Even those who dismiss the risks posed by the novel coronavirus would have a hard time minimizing the fear of workers in meatpacking plants.
In Black Hawk County, Iowa, where Tyson Foods has a major pork processing plant in the city of Waterloo, the number of COVID-19 cases skyrocketed from 62 to 1,523 — more than 1 percent of its 132,000 residents — in a three week period in April. Deaths rose from zero to 15. Ninety percent of the cases are “attributed or related to the plant,” the county’s public health director said.
The county sheriff, Tony Thompson, wasn’t surprised by the spread of the disease, he told The Associated Press. He toured the Tyson plant April 10 and saw inadequate social distancing and a lack of personal protective equipment, leaving its 2,800 workers prone to passing on the virus among themselves.
Those workers then spread it into the county’s grocery stores, nursing homes and other essential businesses, he said.
The story has repeated itself in the hot spots of Worthington, Minnesota, and Moore County in the Texas Panhandle, where more than 250 cases are linked to a JBS USA processing plant. That part of Texas is responsible for a quarter of the nation’s fed beef supply.
The Texas example pales compared to other plants. Smithfield Foods shut its facilities after 900 workers at a South Dakota plant became infected. Tyson did the same with a pork processing site in Indiana after 800 were sickened.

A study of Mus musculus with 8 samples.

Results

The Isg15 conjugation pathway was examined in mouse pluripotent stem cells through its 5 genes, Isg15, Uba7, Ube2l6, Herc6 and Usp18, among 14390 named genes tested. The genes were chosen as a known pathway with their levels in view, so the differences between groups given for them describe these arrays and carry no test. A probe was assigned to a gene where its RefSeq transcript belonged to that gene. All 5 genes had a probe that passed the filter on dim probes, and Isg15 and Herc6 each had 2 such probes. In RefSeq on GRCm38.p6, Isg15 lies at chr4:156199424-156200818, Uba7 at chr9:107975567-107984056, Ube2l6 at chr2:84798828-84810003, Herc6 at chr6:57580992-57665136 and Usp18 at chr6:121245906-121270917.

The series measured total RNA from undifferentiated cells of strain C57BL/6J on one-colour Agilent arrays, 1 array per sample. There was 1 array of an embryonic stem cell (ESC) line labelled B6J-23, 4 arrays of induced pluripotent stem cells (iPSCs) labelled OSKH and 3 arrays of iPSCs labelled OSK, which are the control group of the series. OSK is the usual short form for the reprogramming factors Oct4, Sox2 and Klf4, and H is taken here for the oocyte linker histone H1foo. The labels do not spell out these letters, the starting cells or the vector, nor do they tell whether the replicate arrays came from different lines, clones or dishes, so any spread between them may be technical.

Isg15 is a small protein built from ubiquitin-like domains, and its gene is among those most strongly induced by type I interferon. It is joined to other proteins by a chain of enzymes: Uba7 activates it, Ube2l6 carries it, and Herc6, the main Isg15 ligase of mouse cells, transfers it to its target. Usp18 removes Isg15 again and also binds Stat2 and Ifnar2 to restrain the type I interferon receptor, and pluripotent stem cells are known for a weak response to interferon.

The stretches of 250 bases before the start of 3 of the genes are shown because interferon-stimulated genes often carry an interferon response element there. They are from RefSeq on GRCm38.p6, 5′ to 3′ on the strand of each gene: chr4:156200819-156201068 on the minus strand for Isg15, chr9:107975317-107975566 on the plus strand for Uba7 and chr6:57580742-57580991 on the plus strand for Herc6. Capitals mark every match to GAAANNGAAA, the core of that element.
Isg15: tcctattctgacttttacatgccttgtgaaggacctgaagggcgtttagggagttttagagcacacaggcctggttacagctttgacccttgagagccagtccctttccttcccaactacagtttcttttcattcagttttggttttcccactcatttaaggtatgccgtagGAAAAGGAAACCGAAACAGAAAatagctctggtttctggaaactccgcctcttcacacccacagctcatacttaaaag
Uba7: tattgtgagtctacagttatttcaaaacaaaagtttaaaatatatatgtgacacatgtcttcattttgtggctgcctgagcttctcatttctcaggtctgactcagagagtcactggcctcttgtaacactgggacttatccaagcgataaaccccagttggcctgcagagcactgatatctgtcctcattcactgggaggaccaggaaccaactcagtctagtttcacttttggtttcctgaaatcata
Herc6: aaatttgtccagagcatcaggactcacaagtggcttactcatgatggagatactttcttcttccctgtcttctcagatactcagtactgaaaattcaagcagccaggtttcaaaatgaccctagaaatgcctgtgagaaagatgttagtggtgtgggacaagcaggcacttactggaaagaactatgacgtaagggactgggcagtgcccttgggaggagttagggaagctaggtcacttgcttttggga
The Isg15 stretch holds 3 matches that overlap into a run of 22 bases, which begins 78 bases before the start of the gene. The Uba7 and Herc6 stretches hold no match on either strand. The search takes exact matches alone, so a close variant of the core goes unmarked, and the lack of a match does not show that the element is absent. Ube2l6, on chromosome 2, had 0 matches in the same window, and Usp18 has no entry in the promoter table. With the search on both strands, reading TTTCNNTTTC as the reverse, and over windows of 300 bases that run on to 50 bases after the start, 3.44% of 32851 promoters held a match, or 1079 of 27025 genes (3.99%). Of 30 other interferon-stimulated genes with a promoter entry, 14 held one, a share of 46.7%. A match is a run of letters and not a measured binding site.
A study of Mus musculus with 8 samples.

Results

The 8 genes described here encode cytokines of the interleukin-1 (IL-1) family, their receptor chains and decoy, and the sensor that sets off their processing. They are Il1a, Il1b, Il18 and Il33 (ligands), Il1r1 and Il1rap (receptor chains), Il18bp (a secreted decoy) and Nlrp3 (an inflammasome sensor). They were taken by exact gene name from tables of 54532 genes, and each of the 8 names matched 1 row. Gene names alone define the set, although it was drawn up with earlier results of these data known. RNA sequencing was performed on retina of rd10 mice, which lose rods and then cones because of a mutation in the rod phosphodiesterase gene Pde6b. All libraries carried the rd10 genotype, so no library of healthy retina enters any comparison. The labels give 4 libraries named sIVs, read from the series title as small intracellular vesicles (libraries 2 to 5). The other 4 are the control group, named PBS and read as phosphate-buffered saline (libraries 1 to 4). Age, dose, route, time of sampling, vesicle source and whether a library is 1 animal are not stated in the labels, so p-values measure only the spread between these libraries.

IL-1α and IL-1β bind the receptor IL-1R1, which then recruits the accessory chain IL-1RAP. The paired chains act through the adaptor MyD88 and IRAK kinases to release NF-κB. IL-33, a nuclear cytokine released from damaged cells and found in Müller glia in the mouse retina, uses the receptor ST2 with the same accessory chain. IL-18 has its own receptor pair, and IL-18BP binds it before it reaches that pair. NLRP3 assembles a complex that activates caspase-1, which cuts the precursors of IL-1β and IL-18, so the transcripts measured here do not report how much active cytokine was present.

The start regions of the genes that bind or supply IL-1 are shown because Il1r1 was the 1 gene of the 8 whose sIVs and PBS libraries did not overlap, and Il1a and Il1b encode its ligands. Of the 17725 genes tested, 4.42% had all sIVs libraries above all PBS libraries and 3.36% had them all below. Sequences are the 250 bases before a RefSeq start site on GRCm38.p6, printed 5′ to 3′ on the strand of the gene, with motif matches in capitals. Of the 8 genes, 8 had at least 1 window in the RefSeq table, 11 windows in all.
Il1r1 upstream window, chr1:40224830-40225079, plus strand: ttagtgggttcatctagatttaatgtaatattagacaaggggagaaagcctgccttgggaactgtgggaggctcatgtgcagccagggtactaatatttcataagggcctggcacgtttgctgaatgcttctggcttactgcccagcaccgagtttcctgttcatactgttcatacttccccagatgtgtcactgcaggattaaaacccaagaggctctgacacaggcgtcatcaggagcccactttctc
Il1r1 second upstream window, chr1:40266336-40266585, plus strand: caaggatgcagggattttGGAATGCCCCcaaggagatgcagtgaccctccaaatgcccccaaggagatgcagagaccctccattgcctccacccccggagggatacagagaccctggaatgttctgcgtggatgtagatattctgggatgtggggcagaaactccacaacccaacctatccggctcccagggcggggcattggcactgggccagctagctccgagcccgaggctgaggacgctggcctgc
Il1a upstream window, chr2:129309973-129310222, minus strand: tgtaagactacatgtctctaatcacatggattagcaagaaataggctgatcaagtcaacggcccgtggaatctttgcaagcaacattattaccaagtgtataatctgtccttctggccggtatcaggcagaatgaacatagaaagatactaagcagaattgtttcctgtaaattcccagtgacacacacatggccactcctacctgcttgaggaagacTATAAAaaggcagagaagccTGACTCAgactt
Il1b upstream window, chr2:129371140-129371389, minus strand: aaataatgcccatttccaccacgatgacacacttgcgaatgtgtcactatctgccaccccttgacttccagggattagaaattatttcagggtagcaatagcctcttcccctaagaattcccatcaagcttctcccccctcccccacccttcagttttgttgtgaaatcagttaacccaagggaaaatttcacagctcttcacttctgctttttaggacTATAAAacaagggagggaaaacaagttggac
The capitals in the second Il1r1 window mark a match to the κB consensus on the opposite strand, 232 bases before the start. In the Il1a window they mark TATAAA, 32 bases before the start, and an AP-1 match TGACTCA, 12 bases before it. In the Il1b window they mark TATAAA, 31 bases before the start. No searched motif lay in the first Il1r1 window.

While the virus is a new element to the dangers of working in the meatpacking industry, no one would be jealous of the working conditions in the plants. They are part of the reason the virus has spread so easily, with difficulties with physical distancing, hygiene, crowded living and transportation conditions, according to the Centers for Disease Control and Prevention.
Americans remain largely unconcerned with that as long as they can put meat on the table. That could be a problem soon, however, as the amount of product in the supply chain shrinks and the cost of what’s in the display case skyrockets. Both are a result of meatpacking workers fearing for their health and their lives.
“They’re afraid of catching the virus. They’re afraid of spreading it to family members. Some of them are afraid of dying,” the Rev. Jim Callahan of the Church of St. Mary of Worthington, a city of 13,000 that has attracted immigrants from across the globe to work at the JBS pork processing plant, told the AP.
“One guy said to me, ‘I risked my life coming here. I never thought something that I can’t see could take me out.’”
Producers said they are adopting new safeguards based on CDC recommendations, including enhanced disinfection and that workers get regular screening for the virus, more space from co-workers and training materials in their native languages.
From this crisis is an opportunity for companies and regulators to improve the working conditions to prevent the spread of COVID-19 now and better protect their workers in the future. The plants should remain open to provide a crucial foodstuff for Americans, but they cannot do so in an environment that will needlessly risk the lives of the people who work there.
The first step toward protecting the nation’s meat supply is to protect the people responsible for its processing. Without adequate safeguards, the disease will continue to spread within meatpacking facilities, spiking prices and cutting availability.